Detroit Diesel has been around since April 1937, a few months after the Flint sit down strike that won union recognition.
This year, 1,100 retired auto workers at Detroit Diesel suffered a giant cut in company provision of health benefits because their Voluntary Employees Benefits Association, VEBA, went belly up. Workers who retired between 1993 and 2004 will have to pick up an increasing share of the premiums that were once fully covered by the company. Some retirees will have to pay as much as $4,000 per year, or even higher, just to keep their health coverage.
VEBAs are spreading. Many companies seek to shift their liability for future health costs to the workers or the union through establishment of a VEBA.
So how do unions and workers, who are in danger of losing health benefits for which they worked for decades, fight back? Educate and organize for national single payer health care, HR 676, an improved Medicare for all. Build a movement that demands it. Spread the word. March for it.
With HR 676 what happens to locked out workers? Health coverage continues. To workers on strike? Coverage continues. To early retirees? Coverage continues. To laid off workers? Coverage continues.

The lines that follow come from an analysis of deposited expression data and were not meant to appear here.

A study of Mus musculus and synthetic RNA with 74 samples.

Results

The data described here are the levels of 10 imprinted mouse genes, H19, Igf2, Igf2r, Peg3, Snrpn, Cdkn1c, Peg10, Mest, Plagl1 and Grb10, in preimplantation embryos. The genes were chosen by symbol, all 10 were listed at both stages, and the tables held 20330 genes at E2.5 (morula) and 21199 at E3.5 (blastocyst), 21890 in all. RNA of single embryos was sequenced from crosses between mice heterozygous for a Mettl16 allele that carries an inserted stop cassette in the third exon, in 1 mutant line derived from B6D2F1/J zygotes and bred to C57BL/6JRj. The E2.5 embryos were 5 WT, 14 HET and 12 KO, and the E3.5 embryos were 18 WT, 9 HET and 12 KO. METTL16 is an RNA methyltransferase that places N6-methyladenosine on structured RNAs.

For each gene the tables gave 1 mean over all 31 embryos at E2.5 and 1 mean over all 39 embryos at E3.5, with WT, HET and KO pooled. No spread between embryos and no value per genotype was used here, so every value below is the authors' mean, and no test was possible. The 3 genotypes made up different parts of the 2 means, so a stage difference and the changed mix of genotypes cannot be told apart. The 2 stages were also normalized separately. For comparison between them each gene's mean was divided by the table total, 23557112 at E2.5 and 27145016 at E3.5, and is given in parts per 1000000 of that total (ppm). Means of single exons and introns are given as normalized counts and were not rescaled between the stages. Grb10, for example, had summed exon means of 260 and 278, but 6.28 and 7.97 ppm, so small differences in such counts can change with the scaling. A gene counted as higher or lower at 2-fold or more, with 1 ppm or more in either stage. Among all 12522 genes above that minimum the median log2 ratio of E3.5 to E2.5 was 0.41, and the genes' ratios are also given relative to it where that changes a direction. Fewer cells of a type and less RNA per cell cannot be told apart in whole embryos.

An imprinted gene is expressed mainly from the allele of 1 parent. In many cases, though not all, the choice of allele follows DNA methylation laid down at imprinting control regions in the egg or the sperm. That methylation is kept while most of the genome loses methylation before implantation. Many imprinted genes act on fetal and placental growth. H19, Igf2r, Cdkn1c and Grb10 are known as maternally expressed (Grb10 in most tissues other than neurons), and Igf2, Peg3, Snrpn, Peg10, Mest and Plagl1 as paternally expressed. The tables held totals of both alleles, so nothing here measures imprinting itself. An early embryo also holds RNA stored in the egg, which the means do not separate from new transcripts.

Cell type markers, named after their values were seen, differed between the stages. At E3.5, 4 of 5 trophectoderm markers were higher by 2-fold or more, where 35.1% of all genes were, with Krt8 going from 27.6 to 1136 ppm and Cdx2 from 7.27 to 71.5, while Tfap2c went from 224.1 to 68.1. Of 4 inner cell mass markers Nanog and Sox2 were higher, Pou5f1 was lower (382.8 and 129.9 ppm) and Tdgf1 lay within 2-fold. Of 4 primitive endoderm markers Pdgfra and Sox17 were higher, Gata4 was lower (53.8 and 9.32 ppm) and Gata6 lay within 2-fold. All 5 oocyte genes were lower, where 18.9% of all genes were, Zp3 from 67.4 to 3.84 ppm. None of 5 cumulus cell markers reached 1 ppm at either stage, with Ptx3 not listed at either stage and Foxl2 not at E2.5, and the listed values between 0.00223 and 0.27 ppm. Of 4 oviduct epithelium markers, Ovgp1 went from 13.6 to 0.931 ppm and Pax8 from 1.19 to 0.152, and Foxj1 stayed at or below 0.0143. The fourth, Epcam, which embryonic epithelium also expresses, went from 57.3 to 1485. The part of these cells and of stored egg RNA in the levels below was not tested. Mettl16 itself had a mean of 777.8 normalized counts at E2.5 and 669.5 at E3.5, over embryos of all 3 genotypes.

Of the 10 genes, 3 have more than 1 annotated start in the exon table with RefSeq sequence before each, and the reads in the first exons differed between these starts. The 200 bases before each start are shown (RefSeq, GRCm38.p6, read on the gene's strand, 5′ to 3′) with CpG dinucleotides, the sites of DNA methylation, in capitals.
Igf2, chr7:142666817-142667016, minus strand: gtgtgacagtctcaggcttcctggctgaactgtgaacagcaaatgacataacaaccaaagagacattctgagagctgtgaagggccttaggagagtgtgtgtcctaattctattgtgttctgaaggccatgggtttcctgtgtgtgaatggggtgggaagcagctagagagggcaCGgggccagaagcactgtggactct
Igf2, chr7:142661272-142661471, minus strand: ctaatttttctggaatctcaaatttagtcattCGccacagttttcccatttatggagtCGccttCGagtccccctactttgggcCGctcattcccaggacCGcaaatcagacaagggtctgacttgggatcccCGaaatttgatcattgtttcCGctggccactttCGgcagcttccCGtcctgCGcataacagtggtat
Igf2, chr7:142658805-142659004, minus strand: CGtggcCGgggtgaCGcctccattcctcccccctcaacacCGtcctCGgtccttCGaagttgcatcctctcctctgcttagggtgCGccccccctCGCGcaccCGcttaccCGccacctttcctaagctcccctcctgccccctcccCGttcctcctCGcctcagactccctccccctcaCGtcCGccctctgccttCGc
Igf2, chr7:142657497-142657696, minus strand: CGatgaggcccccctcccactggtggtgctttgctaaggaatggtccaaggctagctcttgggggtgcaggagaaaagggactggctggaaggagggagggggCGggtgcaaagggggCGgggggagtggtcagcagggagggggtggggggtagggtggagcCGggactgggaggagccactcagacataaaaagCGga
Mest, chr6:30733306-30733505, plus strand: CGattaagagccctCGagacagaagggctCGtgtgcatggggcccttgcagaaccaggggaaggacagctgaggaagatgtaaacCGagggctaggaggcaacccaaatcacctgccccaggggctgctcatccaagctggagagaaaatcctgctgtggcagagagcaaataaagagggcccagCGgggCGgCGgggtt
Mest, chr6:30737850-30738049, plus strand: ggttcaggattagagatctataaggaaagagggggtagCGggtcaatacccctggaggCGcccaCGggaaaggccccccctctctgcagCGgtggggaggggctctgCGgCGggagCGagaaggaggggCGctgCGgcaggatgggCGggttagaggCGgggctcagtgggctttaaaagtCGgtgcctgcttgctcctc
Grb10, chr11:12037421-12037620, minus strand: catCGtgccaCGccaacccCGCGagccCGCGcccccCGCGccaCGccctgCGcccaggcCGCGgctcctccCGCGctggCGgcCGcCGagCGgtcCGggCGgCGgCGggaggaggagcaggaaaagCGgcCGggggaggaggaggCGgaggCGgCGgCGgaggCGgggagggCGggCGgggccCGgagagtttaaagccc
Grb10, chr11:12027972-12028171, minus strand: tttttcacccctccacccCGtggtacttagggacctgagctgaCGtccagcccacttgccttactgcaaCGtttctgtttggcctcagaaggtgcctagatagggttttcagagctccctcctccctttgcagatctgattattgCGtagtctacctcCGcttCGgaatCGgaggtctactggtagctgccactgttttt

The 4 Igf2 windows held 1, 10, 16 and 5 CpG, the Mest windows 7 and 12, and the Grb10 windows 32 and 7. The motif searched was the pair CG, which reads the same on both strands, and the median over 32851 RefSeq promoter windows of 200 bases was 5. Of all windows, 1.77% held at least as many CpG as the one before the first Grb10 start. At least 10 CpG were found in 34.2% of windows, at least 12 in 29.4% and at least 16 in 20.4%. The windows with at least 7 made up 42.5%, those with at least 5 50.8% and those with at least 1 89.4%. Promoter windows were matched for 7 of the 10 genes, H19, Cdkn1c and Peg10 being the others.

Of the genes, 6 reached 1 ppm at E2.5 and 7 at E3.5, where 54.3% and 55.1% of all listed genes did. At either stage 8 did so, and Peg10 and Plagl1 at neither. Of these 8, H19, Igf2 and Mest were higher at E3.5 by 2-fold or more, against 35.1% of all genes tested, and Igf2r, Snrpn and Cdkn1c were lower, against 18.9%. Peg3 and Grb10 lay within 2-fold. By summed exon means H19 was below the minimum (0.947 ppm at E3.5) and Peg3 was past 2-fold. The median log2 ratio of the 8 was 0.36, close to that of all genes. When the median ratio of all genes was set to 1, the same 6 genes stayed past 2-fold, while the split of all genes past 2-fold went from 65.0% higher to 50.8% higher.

“Our struggle is not for more or better VEBAs. That was the condition we faced in the last decade. In this decade, we only have one choice, National Health Care (HR 676),” says Al Gladyck of the UAW Local 7 Retirees Chapter and former Chief Steward at Chrysler’s Jefferson Assembly Plant.
“HR 676 would make this situation a thing of the past” Gladyck said, referring to the Detroit Diesel retirees’ loss.
Gladyck is one of the leaders of Retirees for Single Payer Health Care which meets regularly at UAW Local 22, 4300 Michigan Avenue in Detroit. He has written three articles on Detroit Diesel, VEBAs, and the solution. They are well worth reading.
To find the ongoing activities of Retirees for Single Payer Health Care in Detroit, click here.